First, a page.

Hibs know they may have to play lengthy waiting game to sort out futures of loanees

Ross wants to keep all four - but appreciates it might not be possible

Midfielders Stephane Omeonga and Greg Docherty have impressed while on loan from Genoa and Rangers respectively.

Jack Ross has made it clear that he would like to hang onto the loanees he believes made a telling contribution to the club’s season, but the Hibs boss recognises that may mean a lengthy waiting game.

Jason Naismith, Stephane Omeonga, Marc McNulty and Greg Docherty will return to their parent clubs when the season eventually draws to a close, leaving the Easter Road outfit somewhat powerless to determine what happens next. However, Ross has not ruled out welcoming them back to Leith for the new campaign, saying there will be some key conversations between all parties when the time is right.


“All of them were here until the end of the season so as things stand they remain part of our squad because the season hasn’t been concluded yet,” said Ross. “If the season is called, we revert to normal circumstances and they return to their clubs.

“But, all four of them have had a positive impact at the club. I think when you bring in loan players, and I’ve always thought the loan market is a difficult one to get right, there are a lot of misses as well as hits. But, the ones that were brought in have all contributed.

“Obviously Jason was there prior to me coming to the club and did well before sustaining his injury and the other three arrived in January and they have all had a positive impact. We were on a reasonable run of form and I think they all enjoyed it. But there are a lot of things involved in determining whether they will be back with us next season.

“There is so much uncertainty, generally, and they all have their own unique set of circumstances that need to be considered, whether that is their parent clubs’ opinion, the length left on their contracts, what their own plans are and whether their form with us has attracted attention from elsewhere.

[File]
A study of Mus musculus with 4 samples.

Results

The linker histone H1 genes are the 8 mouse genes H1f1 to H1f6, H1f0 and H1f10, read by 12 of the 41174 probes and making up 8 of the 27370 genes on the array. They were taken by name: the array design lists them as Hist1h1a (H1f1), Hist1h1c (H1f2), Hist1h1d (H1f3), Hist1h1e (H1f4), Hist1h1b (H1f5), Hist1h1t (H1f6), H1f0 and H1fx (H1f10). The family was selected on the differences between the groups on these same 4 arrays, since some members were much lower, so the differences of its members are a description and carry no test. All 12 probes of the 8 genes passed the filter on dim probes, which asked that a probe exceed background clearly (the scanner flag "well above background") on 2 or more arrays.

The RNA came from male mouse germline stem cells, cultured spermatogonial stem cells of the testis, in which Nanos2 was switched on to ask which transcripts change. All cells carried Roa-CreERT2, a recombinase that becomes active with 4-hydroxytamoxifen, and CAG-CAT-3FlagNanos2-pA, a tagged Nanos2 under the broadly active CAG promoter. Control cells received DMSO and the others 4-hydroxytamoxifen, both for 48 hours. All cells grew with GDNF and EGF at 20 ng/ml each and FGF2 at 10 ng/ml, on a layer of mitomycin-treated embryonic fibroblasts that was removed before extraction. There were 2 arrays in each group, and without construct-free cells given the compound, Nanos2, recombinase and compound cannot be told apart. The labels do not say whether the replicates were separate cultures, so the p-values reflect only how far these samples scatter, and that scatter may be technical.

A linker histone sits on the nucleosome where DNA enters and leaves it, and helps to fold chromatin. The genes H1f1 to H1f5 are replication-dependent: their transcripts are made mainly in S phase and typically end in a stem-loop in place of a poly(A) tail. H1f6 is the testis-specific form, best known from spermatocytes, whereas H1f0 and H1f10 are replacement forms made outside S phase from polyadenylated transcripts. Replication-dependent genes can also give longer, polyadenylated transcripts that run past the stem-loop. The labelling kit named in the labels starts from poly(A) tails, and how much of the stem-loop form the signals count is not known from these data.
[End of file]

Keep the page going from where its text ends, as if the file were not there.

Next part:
“It’s not as simple as me saying I would like them to stay.”

Currently furloughed and on lockdown awaiting the decision of football authorities as to when, or if, the league will be concluded, and when the government believe the game can expect a return to some kind of normality, the Hibs gaffer has stayed in touch with his players - “more as friends than anything official” - and he says the club’s football department has made it clear to those charged with negotiating signings that the quartet all have something to offer moving into the new term.

Not in control

“But, with loan players, you are not in control,” explained Ross. “So we will see what their parent clubs say about them as we move forward and if they are available. Then we have to have a conversation with them as well because the way I see it, they have all had a positive impact and I’ve enjoyed working with them so it would be remiss of us to just ignore them and go and recruit someone else. But we are not in control.

“We would like to know from the parent clubs if there is any chance of the player coming away from that club but it is up to them when they want to disclose that information and when they make that judgement.”

Experience tells him not to expect a quick call, while Hibs were in a similar position with both Omeonga and McNulty last summer and eventually had to walk away before a second opportunity presented itself in the January window.

How pre-season works

“When you recruit a loan player, with the exception of maybe the younger players who clubs want to get out on a season long loan to give them first team experience, there does tend to be a wait,” continued the Hibs boss. “Proven players don’t tend to become available until later in the window.

“I can understand that. I have done the same as a manager, you keep your squad a little bit bloated and put them through the pre-season before making judgements and deciding if they are to go out on loan. So, that is a difficulty for us.

“If there isn’t an early judgement made then we probably have to plan without them and look at alternative options, but if the situation arises that we still need that type of player when they do become available, then we can hopefully still do business.”